Domain Integrity

    Domain restricts the values of attributes in the relation and is a constraint of the relational model. However, there are real-world semantics for data that cannot be specified if used only with domain constraints. We need more specific ways to state what data values are or are not allowed and which format is suitable for an attribute. For example, the Employee ID (EID) must be unique or the employee Birthdate is in the range [Jan 1, 1950, Jan 1, 2000]. Such information is provided in logical statements called integrity constraints.

    There are several kinds of integrity constraints, described below.

    Entity integrity

    To ensure entity integrity, it is required that every table have a primary key. Neither the PK nor any part of it can contain null values. This is because null values for the primary key mean we cannot identify some rows. For example, in the EMPLOYEE table, Phone cannot be a primary key since some people may not have a telephone.

    Referential integrity

    Referential integrity requires that a foreign key must have a matching primary key or it must be null. This constraint is specified between two tables (parent and child); it maintains the correspondence between rows in these tables.  It means the reference from a row in one table to another table must be valid.

    Examples of referential integrity constraint in the Customer/Order database of the Company:

    • Customer(CustID, CustName)
    • Order(OrderID, CustID, OrderDate)

    To ensure that there are no orphan records, we need to enforce referential integrity. An orphan record is one whose foreign key FK value is not found in the corresponding entity – the entity where the PK is located. Recall that a typical join is between a PK and FK.

    The referential integrity constraint states that the customer ID (CustID) in the Order table must match a valid CustID in the Customer table. Most relational databases have declarative referential integrity. In other words, when the tables are created the referential integrity constraints are set up.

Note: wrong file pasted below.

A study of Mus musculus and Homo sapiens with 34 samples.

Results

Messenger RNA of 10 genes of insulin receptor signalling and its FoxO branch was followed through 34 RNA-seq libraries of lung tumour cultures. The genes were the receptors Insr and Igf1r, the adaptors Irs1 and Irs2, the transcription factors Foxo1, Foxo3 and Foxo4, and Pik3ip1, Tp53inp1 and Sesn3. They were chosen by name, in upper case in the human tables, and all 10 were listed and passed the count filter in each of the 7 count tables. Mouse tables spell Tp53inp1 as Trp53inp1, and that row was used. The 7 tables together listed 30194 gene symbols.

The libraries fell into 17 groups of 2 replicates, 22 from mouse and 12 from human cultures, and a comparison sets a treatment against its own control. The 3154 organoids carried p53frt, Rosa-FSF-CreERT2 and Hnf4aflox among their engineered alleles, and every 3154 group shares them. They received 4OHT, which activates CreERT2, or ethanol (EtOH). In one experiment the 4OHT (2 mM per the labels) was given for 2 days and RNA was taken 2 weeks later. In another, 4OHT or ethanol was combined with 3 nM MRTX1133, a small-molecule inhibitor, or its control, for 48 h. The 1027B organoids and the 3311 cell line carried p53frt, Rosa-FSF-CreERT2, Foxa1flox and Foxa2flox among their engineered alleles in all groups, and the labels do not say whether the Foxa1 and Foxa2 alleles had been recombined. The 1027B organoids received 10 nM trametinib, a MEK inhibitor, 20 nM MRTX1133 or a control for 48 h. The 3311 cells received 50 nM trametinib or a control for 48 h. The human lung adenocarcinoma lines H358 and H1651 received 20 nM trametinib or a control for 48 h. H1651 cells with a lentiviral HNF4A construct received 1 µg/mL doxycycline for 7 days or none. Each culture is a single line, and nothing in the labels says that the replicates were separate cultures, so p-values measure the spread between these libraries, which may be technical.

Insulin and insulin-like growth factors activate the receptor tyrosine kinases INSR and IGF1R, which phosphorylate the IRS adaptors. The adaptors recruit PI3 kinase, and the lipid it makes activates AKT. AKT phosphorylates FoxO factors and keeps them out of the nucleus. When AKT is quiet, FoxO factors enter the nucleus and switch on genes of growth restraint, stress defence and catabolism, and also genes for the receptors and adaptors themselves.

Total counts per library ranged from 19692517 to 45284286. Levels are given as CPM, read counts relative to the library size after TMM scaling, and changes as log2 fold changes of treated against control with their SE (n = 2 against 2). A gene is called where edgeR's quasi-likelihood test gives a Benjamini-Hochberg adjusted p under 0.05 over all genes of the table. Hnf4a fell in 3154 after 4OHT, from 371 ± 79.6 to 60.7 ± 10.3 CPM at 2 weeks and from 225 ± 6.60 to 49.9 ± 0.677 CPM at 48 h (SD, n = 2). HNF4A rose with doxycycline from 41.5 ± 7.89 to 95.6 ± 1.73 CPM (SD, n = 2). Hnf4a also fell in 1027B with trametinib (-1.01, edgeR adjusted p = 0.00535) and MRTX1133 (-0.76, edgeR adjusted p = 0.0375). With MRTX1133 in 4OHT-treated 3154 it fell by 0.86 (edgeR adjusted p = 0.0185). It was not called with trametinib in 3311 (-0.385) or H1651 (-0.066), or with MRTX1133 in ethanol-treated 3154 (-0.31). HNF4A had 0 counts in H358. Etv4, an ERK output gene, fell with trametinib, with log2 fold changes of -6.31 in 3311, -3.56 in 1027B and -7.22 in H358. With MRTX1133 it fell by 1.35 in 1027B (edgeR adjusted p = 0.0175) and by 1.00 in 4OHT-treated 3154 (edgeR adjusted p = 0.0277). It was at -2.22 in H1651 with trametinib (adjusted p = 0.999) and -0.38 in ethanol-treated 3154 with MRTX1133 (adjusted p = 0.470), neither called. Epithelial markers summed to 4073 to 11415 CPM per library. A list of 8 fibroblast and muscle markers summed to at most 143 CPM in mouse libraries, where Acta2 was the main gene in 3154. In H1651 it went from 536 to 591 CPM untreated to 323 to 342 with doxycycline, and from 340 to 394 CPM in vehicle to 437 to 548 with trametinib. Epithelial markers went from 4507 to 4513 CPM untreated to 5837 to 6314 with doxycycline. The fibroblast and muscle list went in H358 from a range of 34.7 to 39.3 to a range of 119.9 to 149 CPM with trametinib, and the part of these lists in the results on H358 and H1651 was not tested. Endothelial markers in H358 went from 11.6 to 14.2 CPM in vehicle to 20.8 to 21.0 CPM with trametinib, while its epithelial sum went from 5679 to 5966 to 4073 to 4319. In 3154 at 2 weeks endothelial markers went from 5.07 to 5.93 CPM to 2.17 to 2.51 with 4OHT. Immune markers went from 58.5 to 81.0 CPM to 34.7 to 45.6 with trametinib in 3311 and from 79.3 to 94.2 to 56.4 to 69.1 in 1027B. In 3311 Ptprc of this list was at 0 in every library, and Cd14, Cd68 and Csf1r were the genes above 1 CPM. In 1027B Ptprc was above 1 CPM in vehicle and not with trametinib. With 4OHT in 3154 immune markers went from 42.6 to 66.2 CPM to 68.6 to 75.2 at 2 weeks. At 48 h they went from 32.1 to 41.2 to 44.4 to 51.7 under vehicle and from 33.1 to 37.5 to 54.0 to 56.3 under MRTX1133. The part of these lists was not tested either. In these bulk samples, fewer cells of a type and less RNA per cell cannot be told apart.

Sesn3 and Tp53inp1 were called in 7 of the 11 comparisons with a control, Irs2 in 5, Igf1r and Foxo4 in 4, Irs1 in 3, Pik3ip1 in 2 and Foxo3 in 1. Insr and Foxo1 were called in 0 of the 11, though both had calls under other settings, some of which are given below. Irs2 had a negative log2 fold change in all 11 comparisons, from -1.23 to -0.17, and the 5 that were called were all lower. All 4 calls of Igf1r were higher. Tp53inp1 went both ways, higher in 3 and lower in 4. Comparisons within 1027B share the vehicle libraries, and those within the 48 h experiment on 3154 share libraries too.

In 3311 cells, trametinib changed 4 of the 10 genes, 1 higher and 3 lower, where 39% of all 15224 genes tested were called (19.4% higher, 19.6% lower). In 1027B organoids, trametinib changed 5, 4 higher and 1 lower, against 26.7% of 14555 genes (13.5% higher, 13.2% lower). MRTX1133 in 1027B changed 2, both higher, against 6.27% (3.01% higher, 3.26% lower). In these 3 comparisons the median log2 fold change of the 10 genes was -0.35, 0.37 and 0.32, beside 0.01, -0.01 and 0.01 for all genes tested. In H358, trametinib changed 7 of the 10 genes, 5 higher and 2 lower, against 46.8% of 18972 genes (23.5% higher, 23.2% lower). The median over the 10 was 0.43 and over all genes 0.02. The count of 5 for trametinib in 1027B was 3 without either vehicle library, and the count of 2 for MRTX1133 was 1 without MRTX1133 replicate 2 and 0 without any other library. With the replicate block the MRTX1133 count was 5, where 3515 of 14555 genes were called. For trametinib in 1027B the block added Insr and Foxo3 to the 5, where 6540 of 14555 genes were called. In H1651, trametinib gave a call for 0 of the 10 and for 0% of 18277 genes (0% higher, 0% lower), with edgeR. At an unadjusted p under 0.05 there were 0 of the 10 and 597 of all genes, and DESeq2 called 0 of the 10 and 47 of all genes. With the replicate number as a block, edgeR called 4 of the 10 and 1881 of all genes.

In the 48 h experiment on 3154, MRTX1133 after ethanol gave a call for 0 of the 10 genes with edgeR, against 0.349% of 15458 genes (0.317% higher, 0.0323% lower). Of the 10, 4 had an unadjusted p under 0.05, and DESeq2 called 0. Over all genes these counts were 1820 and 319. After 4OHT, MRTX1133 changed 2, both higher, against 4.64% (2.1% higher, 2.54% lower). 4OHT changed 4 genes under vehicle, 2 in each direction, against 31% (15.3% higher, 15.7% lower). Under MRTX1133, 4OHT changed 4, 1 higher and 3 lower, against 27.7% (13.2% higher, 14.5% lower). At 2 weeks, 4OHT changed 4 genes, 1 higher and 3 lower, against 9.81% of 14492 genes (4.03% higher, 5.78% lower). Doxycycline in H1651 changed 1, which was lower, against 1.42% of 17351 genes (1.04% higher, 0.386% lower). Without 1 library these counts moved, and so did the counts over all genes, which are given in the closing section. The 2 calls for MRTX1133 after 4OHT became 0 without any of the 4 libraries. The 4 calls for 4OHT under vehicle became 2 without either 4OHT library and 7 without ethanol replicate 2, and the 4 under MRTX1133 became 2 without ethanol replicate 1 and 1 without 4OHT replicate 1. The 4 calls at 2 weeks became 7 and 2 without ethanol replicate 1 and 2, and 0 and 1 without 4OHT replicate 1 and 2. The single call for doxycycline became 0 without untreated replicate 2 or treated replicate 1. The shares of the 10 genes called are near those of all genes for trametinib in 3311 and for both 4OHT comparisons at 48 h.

Here is another example from a Course/Class database:

    • Course(CrsCode, DeptCode, Description)
    • Class(CrsCode, Section, ClassTime)

    The referential integrity constraint states that CrsCode in the Class table must match a valid CrsCode in the Course table. In this situation, it’s not enough that the CrsCode and Section in the Class table make up the PK, we must also enforce referential integrity.

    When setting up referential integrity it is important that the PK and FK have the same data types and come from the same domain, otherwise the relational database management system (RDBMS) will not allow the join. RDBMS is a popular database system that is based on the relational model introduced by E. F. Codd of IBM’s San Jose Research Laboratory. Relational database systems are easier to use and understand than other database systems.

    Referential integrity in Microsoft Access

    In Microsoft (MS) Access, referential integrity is set up by joining the PK in the Customer table to the CustID in the Order table. See Figure \(\PageIndex{1}\) for a view of how this is done on the Edit Relationships screen in MS Access.

    A screenshot of the Edit Relationships commend in MS Access.
    Figure \(\PageIndex{1}\). Referential access in MS Access, by A. Watt.

    Referential integrity using Transact-SQL (MS SQL Server)

    When using Transact-SQL, the referential integrity is set when creating the Order table with the FK. Listed below are the statements showing the FK in the Order table referencing the PK in the Customer table.

    CREATE TABLE Customer
    CustName CHAR(35) )
    OrderDate DATETIME )

    Foreign key rules

    Additional foreign key rules may be added when setting referential integrity, such as what to do with the child rows (in the Orders table) when the record with the PK, part of the parent (Customer), is deleted or changed (updated). For example, the Edit Relationships window in MS Access (see Figure 9.1) shows two additional options for FK rules: Cascade Update and Cascade Delete. If these are not selected, the system will prevent the deletion or update of PK values in the parent table (Customer table) if a child record exists. The child record is any record with a matching PK.

    In some databases, an additional option exists when selecting the Delete option called Set to Null. In this is chosen, the PK row is deleted, but the FK in the child table is set to NULL. Though this creates an orphan row, it is acceptable.

    Enterprise Constraints

    Enterprise constraints – sometimes referred to as semantic constraints – are additional rules specified by users or database administrators and can be based on multiple tables.

    Here are some examples.

    • A class can have a maximum of 30 students.
    • A teacher can teach a maximum of four classes per semester.
    • An employee cannot take part in more than five projects.
    • The salary of an employee cannot exceed the salary of the employee’s manager.

    9.1: Constraints and Intergrity is shared under a not declared license and was authored, remixed, and/or curated by LibreTexts.